Indian Prime Minister Narendra Modi swept to a huge election victory on Thursday, on course to increase his majority and give his party the mandate to pursue business-friendly policies that put Hindus first and take a hard line on national security.
Official data from India’s Election Commission showed Modi’s Hindu-nationalist Bharatiya Janata Party (BJP) ahead in 298 of the 542 seats available, up from the 282 it won in 2014 and more than the 272 seats needed for a majority in the lower house of parliament.
That would give it the first back-to-back majority for a single party since 1984. The main opposition Congress Party was ahead in 52 seats, figures showed. Amarinder Singh, a senior Congress leader, said that party had “lost the battle” for power.
India’s allies, including Sri Lanka and Israel, congratulated Modi.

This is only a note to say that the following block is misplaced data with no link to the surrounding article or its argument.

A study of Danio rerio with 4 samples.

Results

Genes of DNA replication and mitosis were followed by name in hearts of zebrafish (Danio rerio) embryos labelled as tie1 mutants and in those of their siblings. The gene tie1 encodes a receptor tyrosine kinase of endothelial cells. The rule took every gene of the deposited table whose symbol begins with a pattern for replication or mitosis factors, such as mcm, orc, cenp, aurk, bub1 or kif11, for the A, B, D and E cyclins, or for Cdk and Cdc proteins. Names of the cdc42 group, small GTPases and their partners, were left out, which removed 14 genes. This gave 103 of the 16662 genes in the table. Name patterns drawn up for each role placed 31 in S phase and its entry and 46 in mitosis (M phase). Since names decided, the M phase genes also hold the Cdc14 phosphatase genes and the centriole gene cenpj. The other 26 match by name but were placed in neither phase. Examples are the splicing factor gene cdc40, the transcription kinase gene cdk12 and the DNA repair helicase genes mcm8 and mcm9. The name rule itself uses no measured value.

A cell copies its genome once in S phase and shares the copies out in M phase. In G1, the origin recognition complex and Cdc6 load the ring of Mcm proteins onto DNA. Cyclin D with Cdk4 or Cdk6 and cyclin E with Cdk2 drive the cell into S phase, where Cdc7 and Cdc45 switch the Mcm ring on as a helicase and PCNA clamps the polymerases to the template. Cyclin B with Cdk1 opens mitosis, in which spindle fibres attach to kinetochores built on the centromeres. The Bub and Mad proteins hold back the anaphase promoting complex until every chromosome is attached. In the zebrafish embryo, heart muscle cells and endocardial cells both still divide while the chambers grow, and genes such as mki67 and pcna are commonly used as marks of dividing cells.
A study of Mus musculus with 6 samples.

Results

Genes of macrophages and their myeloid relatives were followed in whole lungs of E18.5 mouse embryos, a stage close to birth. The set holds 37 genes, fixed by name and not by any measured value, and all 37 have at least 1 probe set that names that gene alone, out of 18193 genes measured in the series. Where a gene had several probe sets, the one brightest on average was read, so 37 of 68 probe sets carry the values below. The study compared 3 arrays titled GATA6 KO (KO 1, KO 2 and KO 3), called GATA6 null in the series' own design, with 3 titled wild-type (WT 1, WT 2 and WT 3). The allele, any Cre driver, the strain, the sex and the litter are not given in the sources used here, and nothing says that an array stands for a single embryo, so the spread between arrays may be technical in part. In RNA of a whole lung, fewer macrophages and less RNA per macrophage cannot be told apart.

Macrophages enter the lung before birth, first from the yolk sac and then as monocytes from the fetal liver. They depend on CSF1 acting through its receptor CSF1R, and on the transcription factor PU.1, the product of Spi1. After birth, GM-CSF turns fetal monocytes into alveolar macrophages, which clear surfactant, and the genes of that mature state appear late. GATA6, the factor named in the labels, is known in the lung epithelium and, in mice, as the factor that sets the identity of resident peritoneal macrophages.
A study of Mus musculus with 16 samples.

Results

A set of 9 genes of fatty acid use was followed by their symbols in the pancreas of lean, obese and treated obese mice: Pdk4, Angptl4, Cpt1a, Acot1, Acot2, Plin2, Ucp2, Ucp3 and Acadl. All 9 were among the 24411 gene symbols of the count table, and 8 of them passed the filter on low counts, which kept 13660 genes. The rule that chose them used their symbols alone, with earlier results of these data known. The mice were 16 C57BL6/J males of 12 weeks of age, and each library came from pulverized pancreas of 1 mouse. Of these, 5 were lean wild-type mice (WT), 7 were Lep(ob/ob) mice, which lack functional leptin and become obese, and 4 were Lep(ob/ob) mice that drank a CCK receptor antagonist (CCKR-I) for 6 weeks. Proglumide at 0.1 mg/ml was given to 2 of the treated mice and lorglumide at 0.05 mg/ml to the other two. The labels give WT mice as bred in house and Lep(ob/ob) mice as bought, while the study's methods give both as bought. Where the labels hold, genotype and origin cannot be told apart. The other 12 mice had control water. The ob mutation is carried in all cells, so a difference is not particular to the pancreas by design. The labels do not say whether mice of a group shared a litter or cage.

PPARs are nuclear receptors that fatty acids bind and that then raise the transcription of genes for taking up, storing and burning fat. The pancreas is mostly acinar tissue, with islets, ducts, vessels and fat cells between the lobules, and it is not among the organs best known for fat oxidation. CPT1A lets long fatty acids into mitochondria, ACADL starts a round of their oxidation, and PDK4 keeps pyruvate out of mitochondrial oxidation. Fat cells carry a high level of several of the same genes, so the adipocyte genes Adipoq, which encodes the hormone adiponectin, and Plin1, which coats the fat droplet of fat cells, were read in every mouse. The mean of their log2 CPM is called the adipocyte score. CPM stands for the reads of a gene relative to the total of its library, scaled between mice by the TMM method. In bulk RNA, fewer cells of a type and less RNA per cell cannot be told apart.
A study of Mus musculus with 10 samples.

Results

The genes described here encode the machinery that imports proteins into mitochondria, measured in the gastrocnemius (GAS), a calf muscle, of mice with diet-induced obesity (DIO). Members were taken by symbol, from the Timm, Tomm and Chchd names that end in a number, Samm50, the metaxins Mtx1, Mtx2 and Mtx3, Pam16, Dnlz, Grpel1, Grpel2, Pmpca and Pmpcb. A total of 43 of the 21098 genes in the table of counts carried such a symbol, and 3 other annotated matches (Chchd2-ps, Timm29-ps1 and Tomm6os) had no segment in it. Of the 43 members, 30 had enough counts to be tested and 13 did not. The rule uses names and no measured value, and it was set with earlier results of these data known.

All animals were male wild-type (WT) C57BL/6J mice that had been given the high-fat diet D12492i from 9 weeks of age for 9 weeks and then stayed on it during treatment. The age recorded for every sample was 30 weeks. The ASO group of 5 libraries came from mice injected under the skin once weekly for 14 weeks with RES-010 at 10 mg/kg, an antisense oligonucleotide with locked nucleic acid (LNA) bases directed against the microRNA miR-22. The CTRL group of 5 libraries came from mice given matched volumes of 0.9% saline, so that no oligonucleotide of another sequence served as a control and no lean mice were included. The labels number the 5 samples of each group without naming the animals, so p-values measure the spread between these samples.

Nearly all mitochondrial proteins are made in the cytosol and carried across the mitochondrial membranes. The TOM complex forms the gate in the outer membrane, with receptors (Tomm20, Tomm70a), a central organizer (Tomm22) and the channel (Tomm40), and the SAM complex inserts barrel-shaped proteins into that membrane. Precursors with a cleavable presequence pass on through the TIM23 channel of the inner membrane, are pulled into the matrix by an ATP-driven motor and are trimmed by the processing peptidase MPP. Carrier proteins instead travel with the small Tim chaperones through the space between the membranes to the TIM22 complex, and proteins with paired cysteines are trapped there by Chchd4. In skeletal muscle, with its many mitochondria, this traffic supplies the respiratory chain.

Members of his party now want him to take a harder line on national security,.
The NDA’s predicted margin of victory, at 348 seats to 85 for the Congress-led United Progressive Alliance, according to TV channel NDTV, is much larger than surveys indicated in the run-up to the vote, when most polls showed it would be the largest alliance but would fall short of an overall majority.
Modi was under pressure when he began campaigning, losing three state elections in December amid rising anger over farm prices and unemployment.
It outspent Congress by six times on Facebook and Google advertising, data showed, and by as much as 20 times overall, sources told Reuters this month.
The poor showing from Congress, which has failed to make inroads against Modi despite widespread voter dissatisfaction, will lead to questions over the leadership of Rahul Gandhi, a scion of the Nehru-Gandhi dynasty whose father, grandmother and great grandfather all served as prime minister.